Here is what can now reopen in L.A. County, and here is what is still closed

Shoppers walk around Orange County's Brea Mall, which reopened Tuesday.
Shoppers walk around Orange County’s Brea Mall, which reopened Tuesday. Retail establishments in L.A. County are also open for business at 50% capacity.
(Allen J. Schaben / Los Angeles Times)

Los Angeles County has taken another step in reopening its economy.

On Tuesday, officials modified the county’s health order to allow in-store shopping at low-risk retail stores as well as the reopening of drive-in movies and other recreational activities with restrictions.

The county, the epicenter of the coronavirus outbreak in California with more than 2,100 deaths, is still moving slower than other counties in reopening, hoping to avoid a surge in illnesses. But the new easing of stay-at-home rules represent a major shift.


At Eaton Canyon, a popular Pasadena hiking area, so many people crowded the trail Saturday morning — many without masks and jammed close together — that rangers shut it down for the rest of the month.

May 27, 2020

What’s open now?

These are the areas covered by the modified order issued Tuesday.

  • Faith-based organizations can resume services, with the number of congregants limited to 25% of the building’s capacity or a maximum of 100 people, whichever is lower.
  • All retail establishments, including those in indoor and outdoor shopping centers, can open for business at 50% capacity; flea markets, swap meets and drive-in movie theaters can also resume operations.
  • Pools, hot tubs and saunas that are in a multiunit residence or part of a homeowners association can open.
  • In-person protests are permitted as long as attendance is limited to 25% of the area’s maximum occupancy or a maximum of 100 attendees, whichever is lower.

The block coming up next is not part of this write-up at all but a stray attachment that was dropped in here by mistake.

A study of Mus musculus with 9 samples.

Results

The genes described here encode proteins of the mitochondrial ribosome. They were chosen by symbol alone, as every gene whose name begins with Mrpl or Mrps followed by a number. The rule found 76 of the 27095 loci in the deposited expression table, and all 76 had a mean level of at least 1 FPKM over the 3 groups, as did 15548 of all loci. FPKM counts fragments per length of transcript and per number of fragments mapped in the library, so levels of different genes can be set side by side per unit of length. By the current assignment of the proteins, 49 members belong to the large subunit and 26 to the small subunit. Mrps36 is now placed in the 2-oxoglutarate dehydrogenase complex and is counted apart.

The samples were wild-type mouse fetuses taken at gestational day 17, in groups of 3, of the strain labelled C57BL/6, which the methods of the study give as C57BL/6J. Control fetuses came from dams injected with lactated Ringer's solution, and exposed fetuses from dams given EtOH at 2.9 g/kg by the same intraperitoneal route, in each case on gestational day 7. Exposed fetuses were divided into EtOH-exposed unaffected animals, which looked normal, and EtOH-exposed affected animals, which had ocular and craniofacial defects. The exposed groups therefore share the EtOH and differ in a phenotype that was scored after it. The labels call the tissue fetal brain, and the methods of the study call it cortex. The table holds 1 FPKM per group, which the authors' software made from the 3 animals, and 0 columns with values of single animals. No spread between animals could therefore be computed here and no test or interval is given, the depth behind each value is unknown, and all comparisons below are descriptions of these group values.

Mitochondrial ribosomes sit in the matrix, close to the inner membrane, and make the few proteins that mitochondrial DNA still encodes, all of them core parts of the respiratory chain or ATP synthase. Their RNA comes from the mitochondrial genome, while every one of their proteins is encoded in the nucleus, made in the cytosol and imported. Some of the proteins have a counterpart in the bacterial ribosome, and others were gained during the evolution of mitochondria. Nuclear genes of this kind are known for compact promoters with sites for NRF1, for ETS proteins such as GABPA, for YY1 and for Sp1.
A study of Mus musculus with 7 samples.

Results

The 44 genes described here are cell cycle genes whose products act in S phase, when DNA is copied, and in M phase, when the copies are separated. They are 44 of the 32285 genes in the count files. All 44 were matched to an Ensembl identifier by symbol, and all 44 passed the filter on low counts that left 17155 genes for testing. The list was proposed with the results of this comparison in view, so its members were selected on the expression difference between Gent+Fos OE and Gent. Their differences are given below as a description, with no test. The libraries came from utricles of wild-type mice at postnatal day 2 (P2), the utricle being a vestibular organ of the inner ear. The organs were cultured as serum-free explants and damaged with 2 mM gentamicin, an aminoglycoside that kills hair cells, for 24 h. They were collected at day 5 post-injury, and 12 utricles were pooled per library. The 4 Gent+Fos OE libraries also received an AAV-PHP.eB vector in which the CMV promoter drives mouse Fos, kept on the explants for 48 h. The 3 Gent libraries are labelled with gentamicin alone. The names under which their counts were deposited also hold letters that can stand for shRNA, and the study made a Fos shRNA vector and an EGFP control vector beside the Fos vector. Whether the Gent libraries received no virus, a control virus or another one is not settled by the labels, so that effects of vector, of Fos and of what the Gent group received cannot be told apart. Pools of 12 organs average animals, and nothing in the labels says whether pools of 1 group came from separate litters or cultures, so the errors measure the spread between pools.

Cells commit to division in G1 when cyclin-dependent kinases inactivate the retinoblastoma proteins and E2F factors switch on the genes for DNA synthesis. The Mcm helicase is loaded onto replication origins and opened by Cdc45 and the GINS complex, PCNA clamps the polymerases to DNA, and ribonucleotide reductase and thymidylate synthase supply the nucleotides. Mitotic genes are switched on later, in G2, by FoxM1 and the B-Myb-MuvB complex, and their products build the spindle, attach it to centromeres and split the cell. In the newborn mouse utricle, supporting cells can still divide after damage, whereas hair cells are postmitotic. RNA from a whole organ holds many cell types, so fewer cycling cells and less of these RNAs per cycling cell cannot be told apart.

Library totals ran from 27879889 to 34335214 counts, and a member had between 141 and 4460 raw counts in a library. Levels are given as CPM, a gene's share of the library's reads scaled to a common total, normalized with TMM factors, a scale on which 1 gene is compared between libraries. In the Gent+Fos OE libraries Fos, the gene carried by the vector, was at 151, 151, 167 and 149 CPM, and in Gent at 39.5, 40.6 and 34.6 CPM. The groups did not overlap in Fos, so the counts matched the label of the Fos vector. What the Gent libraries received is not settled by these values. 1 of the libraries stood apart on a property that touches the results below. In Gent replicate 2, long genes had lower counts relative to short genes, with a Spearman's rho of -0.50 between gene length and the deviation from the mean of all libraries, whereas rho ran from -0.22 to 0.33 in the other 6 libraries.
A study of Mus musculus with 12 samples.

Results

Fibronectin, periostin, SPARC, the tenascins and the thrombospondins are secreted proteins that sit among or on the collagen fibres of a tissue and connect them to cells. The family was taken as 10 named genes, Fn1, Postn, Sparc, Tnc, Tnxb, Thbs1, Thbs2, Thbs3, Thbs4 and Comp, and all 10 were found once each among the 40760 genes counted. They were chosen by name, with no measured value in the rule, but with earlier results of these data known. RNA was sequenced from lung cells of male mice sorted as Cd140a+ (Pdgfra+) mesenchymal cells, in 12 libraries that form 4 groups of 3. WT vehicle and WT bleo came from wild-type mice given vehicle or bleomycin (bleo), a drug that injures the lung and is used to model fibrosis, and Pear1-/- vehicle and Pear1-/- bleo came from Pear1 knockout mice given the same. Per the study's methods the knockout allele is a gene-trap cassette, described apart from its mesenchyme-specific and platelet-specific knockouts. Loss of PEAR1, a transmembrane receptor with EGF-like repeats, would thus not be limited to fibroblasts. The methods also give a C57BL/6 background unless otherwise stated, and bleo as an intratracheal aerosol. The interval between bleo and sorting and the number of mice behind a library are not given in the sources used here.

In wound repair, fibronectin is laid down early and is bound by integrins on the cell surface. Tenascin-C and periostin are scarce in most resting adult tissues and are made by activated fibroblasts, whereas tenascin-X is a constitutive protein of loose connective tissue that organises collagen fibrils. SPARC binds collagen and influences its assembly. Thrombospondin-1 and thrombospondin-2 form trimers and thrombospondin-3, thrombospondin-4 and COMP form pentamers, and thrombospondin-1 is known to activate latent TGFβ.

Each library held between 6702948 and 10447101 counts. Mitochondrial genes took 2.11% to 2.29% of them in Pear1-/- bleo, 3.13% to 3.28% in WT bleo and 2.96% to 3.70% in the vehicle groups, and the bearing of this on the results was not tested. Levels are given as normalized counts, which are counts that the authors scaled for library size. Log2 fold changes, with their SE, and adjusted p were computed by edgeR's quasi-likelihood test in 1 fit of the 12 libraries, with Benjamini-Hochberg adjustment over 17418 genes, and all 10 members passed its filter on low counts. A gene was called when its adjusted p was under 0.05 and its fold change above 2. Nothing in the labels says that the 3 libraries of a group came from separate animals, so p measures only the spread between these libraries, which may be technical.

L.A. County supervisors say the county has made enough progress in dealing with the coronavirus that they will ask the state to allow more establishments to begin reopening.

May 26, 2020

What restrictions remain?

These businesses are still covered by the county’s stay-at-home order:


  • Bars and nightclubs
  • Gyms and fitness centers
  • Movie theaters
  • Live venues, sports stadiums, arenas, festival spaces, etc.
  • Bowling alleys
  • Public piers
  • Public pools
  • Personal grooming businesses such as hair and nail salons
  • Community centers

Gatherings of people not from the same household are still prohibited, except for faith-based services and in-person protests.

People 65 or older and all people with underlying health conditions should remain in their residences as much as possible, health experts say. People in these categories should leave their residences only to seek medical care, exercise or obtain food or other necessities. Telecommuting should continue as much as possible.

Physical distancing requirements, the wearing of face coverings and other safety protocols must still be observed, officials said.

“Aligning Los Angeles County’s health orders with that of the state is going to provide immediate relief to our communities,” Kathryn Barger, chair of the Los Angeles County Board of Supervisors, said in a statement. “This important step will enable our residents and businesses to have greater clarity and consistency as we continue to take positive steps toward reopening Los Angeles County.”

L.A. County Supervisor Hilda Solis acknowledged the importance of reopening certain activities but noted that it “does not mean going back to business as usual.”

“As long as community members follow safety rules, we can continue to make more progress,” she said. “Our houses of worship can once again welcome people inside. Shopping malls and communal flea markets can get back to business. I am so proud of all the progress we’ve made to protect our loved ones from COVID-19. Given our resilience and collective sacrifice, we are ready to take the next step to reopen our economy.”

Los Angeles County officials said Tuesday they will ask the state to allow a speedier reopening of restaurants and other businesses shuttered by the coronavirus outbreak.

If approved, the county could allow some in-person dining, Barger said. Restaurant owners hope to be allowed to seat more patrons outside because many say they cannot survive with overly stringent rules limiting capacity, Barger said.

Additionally, if the variance plan is approved, barbershops and hair salons would be allowed to reopen in some capacity, as outlined by state health guidelines, but not nail salons.